Facing mounting criticism that they prevent even the worst teachers from being fired, teachers unions are taking steps to streamline the dismissal process. No doubt their actions are hastened along by their realization that they are at risk of becoming an anachronism. But there’s more to the story than mere self-survival.
In late February, Randi Weingarten, president of the American Federation of Teachers, the second-largest teachers union, proposed a plan that would give tenured teachers who are rated unsatisfactory by their principals a maximum of one year to improve (“Leader of Teachers’ Union Urges Dismissal Overhaul,” New York Times, Feb. 24). Those who did not would be terminated within 100 days. This is a dramatic change from the existing policy of sending such teachers to the euphemistically titled Temporary Reassignment Center, or more widely known as the Rubber Room, where they receive full pay and benefits while their cases drag on for years (“The Rubber Room,” The New Yorker, Aug. 31, 2009).
Less publicized was the position taken on the same issue by Dennis Van Roekel, president of the National Education Association (“Dismissal of Teachers,"New York Times, Jan. 30). Since 2003, N.E.A. affiliates have also been working to speed the fair dismissal process along. For example, Clark County, Nev., has operated under a joint agreement that has reduced the average time for dismissal by 75 percent. And the New Jersey Education Association proposed a plan to replace administrative hearings with binding arbitration.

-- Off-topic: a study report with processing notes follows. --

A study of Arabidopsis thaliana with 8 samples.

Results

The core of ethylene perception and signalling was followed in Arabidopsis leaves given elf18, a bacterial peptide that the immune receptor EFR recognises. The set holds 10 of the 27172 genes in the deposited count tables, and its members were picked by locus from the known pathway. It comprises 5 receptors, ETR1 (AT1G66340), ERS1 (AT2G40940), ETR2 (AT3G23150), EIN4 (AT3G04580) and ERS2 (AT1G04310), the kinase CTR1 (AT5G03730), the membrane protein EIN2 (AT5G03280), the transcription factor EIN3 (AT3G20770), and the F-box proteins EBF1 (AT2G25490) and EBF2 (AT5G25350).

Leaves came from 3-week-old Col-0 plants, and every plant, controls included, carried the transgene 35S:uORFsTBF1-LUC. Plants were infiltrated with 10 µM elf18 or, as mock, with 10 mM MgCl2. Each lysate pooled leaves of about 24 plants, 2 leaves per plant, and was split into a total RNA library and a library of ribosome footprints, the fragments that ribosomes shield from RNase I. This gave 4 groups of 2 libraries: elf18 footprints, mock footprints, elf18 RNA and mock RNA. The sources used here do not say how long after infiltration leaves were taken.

So far so good. But it’s important to put these changes in perspective to avoid getting our hopes up too high. In an op-ed in The Wall Street Journal, Eric Hanushek, senior fellow at the Hoover Institution, wrote that replacing the bottom 5 to 10 percent of teachers with an average teacher would “dramatically improve student achievement. The U.S. could move from below average in international comparisons to near the top” (“There Is No ‘War on Teachers,’ ” Oct. 19).
I seriously doubt his prediction. Both Richard Rothstein of the Economic Policy Institute and Paul Thomas of Furman University have shown that even the best schools can do only so much. That’s because students spend about 1,150 waking hours a year in school, compared with about 4,700 waking hours a year with their families and in their neighborhoods. If this is the case, then it’s overly optimistic to believe that getting rid of dreadful teachers will catapult American students to the top.
I want to make it clear that bad teachers have no business being in the classroom. They need to be identified early on using multiple measures and provided systematic support to improve. If they do not improve within a year, they should be fired. I emphasize, however, the importance of relying primarily on peer rather than administrative evaluation. First, administrators do not possess the subject matter expertise needed to accurately evaluate instruction across the wide range of courses typically offered. Moreover, teachers are much less likely to let favoritism influence their ratings of other teachers. Finally, contrary to widespread belief, teachers are far tougher in their judgments than administrators, probably because they directly feel the negative effects in their classrooms of their colleagues’ ineffectiveness.
The opinions expressed in Walt Gardner’s Reality Check are strictly those of the author(s) and do not reflect the opinions or endorsement of Editorial Projects in Education, or any of its publications.